The Drive to Succeed
I believe I have gone left where I should have gone right. Failed to stop, sped through, and in some cases gone too slow. I’ve also taken a few detours, wrong turns and completely missed my turn here and there. Though this seems to be a likely telling of my driving tendencies, it is more suited for my life. And though I’ve been lost, in need of direction and turned all around at times, I believe I am right where I am supposed to be.
Almost ten years ago I was a freshman in college. Young and naïve, I had no idea how good I had it. With a lifestyle financed and uncomplicated I had only one thing to do, succeed. By the end of my first semester, I had done just that, finishing with all A’s and B’s. But then I took a wrong turn. By the second semester my A’s and B’s morphed into C’s and D’s as my focus shifted from the books to my newfound freedom and the social aspect of college life. Attending class became an inconvenience and studying, an activity for the dull as I successfully achieved academic probation by the third semester. As the semester ended, my suite-mates packed lightly to head home for the holidays, and I packed everything. I had lost my way.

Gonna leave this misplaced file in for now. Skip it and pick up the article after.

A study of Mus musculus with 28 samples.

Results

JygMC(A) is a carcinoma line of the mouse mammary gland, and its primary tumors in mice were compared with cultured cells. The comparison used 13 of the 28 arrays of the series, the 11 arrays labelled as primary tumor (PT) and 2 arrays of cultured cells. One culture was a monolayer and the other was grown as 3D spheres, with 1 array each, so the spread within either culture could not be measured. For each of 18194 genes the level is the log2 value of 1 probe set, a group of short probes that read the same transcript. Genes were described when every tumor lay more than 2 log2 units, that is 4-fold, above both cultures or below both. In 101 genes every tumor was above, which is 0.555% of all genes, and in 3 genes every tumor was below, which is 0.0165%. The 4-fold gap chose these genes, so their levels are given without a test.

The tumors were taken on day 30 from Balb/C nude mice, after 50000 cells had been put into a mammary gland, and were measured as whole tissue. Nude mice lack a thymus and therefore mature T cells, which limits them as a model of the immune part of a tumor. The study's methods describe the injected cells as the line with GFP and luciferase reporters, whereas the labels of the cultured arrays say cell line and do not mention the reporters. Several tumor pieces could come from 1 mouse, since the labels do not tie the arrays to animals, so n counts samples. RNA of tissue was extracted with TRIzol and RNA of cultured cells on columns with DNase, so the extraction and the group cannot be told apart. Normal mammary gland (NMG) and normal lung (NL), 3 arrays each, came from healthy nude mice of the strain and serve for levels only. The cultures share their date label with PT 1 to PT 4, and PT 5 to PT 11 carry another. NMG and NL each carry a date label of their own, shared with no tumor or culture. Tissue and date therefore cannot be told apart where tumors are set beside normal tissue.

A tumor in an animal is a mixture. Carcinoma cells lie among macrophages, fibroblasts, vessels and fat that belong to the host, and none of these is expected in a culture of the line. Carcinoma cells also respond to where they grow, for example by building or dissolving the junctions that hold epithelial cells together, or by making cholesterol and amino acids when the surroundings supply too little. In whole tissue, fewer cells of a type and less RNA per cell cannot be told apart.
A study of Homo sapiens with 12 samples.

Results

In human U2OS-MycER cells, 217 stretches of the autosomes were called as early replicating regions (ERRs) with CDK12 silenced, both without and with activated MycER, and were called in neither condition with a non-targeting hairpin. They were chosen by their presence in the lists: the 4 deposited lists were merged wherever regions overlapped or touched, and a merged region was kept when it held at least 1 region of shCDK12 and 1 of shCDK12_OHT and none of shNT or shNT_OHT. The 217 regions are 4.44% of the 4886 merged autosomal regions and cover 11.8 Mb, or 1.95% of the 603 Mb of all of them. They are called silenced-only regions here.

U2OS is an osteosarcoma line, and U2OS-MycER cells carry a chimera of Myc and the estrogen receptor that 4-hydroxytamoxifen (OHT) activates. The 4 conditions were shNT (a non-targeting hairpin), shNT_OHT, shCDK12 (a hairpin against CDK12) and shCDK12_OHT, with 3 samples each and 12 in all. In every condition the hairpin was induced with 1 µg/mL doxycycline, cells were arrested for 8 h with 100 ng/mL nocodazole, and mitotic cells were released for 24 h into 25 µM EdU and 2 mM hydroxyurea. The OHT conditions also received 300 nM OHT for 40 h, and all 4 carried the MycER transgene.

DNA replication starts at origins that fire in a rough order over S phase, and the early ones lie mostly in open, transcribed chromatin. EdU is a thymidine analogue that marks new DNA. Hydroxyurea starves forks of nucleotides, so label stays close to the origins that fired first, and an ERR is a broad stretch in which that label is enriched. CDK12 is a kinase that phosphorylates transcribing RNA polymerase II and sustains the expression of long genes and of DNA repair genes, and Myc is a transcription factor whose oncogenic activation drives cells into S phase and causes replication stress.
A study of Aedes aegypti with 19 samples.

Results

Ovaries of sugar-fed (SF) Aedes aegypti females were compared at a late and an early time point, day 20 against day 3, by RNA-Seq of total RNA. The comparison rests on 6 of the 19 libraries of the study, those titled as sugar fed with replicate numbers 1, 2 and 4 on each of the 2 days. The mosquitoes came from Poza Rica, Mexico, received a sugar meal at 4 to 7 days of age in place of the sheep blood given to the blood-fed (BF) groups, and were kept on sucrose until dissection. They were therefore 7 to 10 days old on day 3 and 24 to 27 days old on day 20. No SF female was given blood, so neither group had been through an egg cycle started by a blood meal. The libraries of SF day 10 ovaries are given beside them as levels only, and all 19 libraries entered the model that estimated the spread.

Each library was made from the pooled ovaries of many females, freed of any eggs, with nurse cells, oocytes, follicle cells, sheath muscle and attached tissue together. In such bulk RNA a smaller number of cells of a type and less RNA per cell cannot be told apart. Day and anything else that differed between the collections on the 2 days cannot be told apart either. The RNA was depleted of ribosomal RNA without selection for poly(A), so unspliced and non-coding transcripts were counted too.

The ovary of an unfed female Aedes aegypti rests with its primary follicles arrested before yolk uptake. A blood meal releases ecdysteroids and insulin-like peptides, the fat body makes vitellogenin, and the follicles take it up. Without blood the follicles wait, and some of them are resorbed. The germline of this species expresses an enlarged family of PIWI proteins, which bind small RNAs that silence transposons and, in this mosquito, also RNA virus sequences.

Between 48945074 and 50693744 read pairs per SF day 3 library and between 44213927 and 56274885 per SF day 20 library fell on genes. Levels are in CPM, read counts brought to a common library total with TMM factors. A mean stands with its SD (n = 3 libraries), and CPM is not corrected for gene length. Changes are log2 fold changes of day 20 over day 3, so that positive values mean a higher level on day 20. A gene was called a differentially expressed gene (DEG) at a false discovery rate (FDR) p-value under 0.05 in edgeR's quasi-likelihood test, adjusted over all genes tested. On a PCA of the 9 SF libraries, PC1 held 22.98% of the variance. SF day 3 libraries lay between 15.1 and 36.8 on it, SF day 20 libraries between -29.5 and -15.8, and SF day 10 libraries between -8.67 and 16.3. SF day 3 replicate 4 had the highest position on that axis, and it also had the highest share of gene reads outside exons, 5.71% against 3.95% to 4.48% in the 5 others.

Fast forward about three years later and now I’m a single mom. I was fortunate enough to have an okay job, an okay car, and a place to live. My goals were short-lived and mainly consisted of household expenses, daycare and gas. Lucky for me, the eight dollars an hour I made was just enough to cover the household expenses, daycare and gas. I eventually started working two jobs just to maintain, only to be caught off guard by setbacks like car troubles or a sick child with no health insurance. I was going in circles.
Now, my lifestyle was destitute and overwhelmingly complicated. My life, a struggle. It was all made worse by the haunting realization that I was where I was because of choices I had made; roads that I had taken. I knew no one would ever look at me and know that I once aspired to be a writer, politician, lawyer, or anything for that matter. I resembled what I had become, a struggling, young, uneducated baby mama; a statistic. It was here that I reached a breaking point. I decided I had gone as far as I could go in the direction I was headed.
So, like how we do a “U-turn” once we realize we’re headed the wrong way or have missed a turn, I turned things around. I put my eight dollar an hour job on the backburner and went back to school. With a better understanding of why I am here and the added responsibility of footing the bill, I have an extreme drive to succeed. I believe my detour through the despair of hard times brought me to this point. I believe my past failures were no accident. Though the struggle still exists, I know I’m headed in the right direction and believe I am where I am supposed to be.